Coffee shop owner employs former felons, addicts to offer second chance

Shalimar Williams knows firsthand how life can be difficult outside of prison. So she opened up a coffee shop employing women who have also had a checkered past. 

The 38-year-old owns Holy Beanz Coffee Shop in Portland, Oregon. She opened up her business in late January. 

But the journey started in 2006 when she was incarcerated at the Coffee Creek Correctional Facility after getting convicted of a DUI car crash that injured her passenger. She said she took full responsibility and apologized for her actions.

Williams also said before getting sentenced she was into selling drugs and associating with gang members. 


Williams said she fell in love with the cup of joe and the Christian faith during her incarceration. She said inmates would work the prison’s “coffee cart” and develop barista skills but couldn’t do anything with them once they were back in the free world. 


“You get out of prison, and you have all these barista skills…who’s going to hire you?” she said. “There are a lot of corporate companies that are not going to hire you.”

Williams said after working several odd jobs and getting her associate’s degree, she noticed a lot of job opportunities still weren’t coming her way. 


“Pretty much, if somebody needs a hand, and I have the position to be able to help them, then they can come work for me,” she continued.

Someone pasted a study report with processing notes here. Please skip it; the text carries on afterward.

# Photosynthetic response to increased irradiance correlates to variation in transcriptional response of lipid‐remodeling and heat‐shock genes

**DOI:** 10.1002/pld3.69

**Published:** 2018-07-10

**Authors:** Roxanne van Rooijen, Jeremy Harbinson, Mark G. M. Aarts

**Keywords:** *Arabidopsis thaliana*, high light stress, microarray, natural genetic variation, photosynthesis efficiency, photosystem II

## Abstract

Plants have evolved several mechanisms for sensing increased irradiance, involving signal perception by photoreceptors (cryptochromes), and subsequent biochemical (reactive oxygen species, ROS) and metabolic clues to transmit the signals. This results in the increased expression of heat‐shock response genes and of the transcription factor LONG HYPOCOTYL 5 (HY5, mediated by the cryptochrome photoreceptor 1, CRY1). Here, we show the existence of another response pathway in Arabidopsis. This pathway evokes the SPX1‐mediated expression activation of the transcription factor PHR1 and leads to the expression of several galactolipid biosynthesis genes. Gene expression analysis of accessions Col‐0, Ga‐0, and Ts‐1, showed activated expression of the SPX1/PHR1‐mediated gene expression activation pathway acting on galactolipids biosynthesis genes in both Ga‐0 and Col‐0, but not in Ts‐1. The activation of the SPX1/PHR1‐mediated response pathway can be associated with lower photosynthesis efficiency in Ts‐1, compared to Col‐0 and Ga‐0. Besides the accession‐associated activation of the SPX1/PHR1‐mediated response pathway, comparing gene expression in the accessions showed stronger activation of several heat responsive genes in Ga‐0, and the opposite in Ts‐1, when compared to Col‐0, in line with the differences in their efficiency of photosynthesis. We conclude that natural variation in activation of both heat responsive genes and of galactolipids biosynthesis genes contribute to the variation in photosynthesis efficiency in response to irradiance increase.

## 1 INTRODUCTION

“People need to know that there’s a space where they can come and feel loved and be vulnerable, and maybe they need a resource,” Williams added. 

The shop owner said she wants to teach her employees basic life skills such as managing money and also give them the flexibility to attend college. 


“People come from hours away just to be able to see what’s going on and to just to feel it and experience it,” she explained.

Williams said she wants love to set the ambiance of the shop. Her shop has affirmations and scriptures on the wall, and even a chalkboard where customers can write and give their own dose of positivity. 

She also hopes to grow her company, hire men, develop franchises and become a motivational speaker, inspiring people to be resilient. 

“Ultimately, I just want to help people,” she said. “I want my voice to help people.”

Her company’s slogan is “Purpose in a cup,” believing the shop exists more than just to serve coffee to customers but to offer a helping hand of some sort. 

“Every cup is a purpose because you don’t know how you’re going to minister to that person,” she added. “You don’t know what that person is going through.”

This story was reported from Los Angeles.